Financials be Damned
Remember when I first posted about Mitchell Baker’s desire to become the richest person in open source history? Of course not, that’s this post; until now I’ve only pointed out the places where Mitchell’s greed has clawed its way through Thunderbird to the surface.
The Lizard received feedback that posting about the greediness of Mitchell Baker isn’t particularly nice. To be sure, I fully understood what I was saying, and those of you who find my words offensive should stop reading this blog. Those statements were made intentionally to raise the profile of a few truths that are kept fairly quiet in the Mozilla community.
Mitchell Baker is the chairperson of the board of directors for the Mozilla Foundation. She’s also the chairperson of the board of directors for the Mozilla Corporation. She’s also the CEO of the Mozilla Corporation. See where I’m going with this? No? You’re a moron. You also failed U.S. history, apparently. You’re looking at Mozilla’s own version of an interlocking directorate, a form of corporate control commonly associated with the robber barons of the Gilded Age, particularly as they sought to get around the restrictions of early anti-trust legislation. Mitchell is, hands down, the most powerful person within Mozilla. Just as with the robber barons, disagree with her and you’re fucked. More importantly for the premise of this post, for each of those positions, she undoubtedly gets paid.
Let’s look closer. In 2005, Mitchell received compensation totaling $115,660 for sitting on the board of the Foundation and leading it (see PDF page 7). But 2005 was the year the Corporation split off from the Foundation. As a result, Mitchell made an additional $181,042 for being the head of that organization (see PDF page 27). Finally, Mitchell received $50,659 from the Foundation for providing back-office support (see PDF page 36). That means, if the Lizard can do math, Mitchell received a total of $347,361 in compensation for the year of 2005. Of course, that amount includes benefit contributions and is not entirely cash in her pocket.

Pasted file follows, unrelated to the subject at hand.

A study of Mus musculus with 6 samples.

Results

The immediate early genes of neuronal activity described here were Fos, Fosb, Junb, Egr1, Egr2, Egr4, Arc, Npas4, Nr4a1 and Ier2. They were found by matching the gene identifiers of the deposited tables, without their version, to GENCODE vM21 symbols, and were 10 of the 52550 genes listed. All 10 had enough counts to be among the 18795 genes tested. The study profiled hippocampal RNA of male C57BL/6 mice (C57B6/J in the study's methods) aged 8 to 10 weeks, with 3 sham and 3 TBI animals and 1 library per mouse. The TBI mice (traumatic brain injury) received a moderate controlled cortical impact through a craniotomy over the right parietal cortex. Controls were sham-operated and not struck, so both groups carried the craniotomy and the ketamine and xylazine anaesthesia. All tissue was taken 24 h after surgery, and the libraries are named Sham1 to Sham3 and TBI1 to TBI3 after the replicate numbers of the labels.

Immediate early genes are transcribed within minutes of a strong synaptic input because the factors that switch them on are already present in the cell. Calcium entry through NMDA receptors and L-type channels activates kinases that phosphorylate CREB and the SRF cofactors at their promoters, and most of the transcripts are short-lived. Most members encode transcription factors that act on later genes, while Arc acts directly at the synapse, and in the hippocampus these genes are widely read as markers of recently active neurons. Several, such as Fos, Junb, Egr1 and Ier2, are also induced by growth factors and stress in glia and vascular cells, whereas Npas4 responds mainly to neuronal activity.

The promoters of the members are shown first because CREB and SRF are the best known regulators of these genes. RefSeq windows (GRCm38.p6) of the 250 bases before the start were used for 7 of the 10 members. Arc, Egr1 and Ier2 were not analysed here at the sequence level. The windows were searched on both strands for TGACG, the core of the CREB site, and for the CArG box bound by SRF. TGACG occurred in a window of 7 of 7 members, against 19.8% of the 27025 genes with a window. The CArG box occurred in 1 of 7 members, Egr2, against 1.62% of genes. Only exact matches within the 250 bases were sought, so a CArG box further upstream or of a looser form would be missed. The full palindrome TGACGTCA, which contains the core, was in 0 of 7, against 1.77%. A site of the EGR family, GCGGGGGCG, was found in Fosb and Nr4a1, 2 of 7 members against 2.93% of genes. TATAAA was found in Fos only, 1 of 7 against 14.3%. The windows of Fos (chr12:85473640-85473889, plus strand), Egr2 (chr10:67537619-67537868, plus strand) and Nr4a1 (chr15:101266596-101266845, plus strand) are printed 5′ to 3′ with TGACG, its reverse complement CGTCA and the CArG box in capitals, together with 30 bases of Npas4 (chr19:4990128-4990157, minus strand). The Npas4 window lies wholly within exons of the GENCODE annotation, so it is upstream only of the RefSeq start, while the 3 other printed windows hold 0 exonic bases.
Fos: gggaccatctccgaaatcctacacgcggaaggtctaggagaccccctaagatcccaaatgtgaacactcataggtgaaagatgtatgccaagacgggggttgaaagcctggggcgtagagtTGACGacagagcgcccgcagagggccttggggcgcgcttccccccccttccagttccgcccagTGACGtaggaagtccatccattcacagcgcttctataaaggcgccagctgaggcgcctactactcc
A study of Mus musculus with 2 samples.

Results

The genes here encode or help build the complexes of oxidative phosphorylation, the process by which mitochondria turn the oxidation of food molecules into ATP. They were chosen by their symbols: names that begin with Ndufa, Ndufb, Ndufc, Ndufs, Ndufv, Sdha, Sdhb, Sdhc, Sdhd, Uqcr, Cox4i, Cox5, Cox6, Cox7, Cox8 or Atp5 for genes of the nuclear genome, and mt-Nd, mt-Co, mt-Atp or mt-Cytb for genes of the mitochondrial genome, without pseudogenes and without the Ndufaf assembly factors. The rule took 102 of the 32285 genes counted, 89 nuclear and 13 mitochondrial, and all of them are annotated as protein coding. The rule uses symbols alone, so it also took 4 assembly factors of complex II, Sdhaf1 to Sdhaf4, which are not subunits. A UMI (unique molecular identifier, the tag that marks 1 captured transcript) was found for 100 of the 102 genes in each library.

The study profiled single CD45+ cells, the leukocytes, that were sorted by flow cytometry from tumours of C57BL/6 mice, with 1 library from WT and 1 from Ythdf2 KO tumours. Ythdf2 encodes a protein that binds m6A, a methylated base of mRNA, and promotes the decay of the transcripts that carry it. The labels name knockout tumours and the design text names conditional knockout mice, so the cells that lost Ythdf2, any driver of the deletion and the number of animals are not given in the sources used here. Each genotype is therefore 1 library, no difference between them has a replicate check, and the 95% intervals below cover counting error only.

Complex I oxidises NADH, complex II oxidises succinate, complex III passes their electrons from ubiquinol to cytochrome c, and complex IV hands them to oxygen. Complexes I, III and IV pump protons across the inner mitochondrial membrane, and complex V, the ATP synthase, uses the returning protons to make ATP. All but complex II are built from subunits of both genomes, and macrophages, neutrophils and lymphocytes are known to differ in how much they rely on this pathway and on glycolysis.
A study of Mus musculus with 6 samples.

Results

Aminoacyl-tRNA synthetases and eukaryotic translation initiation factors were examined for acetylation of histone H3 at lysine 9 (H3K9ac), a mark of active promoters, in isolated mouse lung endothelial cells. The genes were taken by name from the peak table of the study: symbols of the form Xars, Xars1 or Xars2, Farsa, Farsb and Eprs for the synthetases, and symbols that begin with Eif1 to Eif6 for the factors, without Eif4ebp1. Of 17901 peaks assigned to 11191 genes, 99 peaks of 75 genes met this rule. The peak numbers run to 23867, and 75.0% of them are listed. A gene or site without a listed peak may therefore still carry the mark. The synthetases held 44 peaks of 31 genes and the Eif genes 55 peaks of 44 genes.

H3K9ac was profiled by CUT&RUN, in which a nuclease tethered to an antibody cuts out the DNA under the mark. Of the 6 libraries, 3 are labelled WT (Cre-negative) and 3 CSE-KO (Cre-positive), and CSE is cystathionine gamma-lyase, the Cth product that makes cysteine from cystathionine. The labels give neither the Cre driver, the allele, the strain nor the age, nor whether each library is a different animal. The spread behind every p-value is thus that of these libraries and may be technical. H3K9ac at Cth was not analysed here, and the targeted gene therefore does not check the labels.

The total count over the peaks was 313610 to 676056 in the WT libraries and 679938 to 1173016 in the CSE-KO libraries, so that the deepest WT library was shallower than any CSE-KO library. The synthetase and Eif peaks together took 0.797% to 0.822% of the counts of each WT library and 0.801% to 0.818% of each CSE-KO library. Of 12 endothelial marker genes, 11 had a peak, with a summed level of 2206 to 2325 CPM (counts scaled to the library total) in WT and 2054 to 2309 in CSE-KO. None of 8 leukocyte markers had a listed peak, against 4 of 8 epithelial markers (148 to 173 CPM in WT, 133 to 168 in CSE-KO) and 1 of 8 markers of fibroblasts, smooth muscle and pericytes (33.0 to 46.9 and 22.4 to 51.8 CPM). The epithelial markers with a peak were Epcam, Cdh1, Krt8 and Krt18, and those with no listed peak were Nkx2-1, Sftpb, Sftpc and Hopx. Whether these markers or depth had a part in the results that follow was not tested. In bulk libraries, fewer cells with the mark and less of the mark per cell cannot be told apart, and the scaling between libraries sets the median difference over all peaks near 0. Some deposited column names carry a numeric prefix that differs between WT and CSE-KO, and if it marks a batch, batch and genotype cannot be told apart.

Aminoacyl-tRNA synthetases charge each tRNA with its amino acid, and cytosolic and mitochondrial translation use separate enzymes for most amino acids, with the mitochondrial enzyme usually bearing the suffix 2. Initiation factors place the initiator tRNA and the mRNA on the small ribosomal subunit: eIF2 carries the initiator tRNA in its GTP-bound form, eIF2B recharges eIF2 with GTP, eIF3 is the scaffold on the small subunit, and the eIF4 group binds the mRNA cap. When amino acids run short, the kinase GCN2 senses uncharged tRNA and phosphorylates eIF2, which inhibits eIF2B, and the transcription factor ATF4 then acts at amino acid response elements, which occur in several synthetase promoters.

It is now October 20, 2007, the 293rd day of 2007. The financials for 2006 have yet to be published. Of course, financials for 2005 were posted on January 2nd of this year, so we all might be waiting another 74 days to see what the Foundation doled out in 2006. Would anyone be surprised if Mitchell was making closer to $500,000 this year (2007). Five hundred thousand dollars. For $500,000 you can buy 500,000 cheeseburgers from McDonalds, 500,000 blank DVDs, or 1 Mitchell Baker.
The “market” has dictated that Mitchell is worth $500,000 a year. Since the Mozilla Foundation is accountable to the world at large (the Lizard ❤ non-profits) and I am a member of this world, I want to know what she does for that money. I’ve seen occasional appearances at events and posts to newsgroups and to her blog that outline new policies, but do we really think that’s worth $500,000 a year? Who sets that price? The board of directors, of course.
Now do you see where I’m going? The board of directors for the Mozilla Corporation (maybe Foundation) decide the salary of the CEO of the Corporation. The chairperson of that board is the CEO who’s getting paid.
The Mozilla Corporation generates $5 million a month. That’s $60 million a year. Half a million dollars go to Mitchell. It’s about goddamn time we find out what that money is getting us.
(Aside: The Lizard would be most thankful to anyone who provides the Foundation’s financials for 2006. Is there really any reason financials need to take 293 days? Maybe it’s time to read some non-profit law.)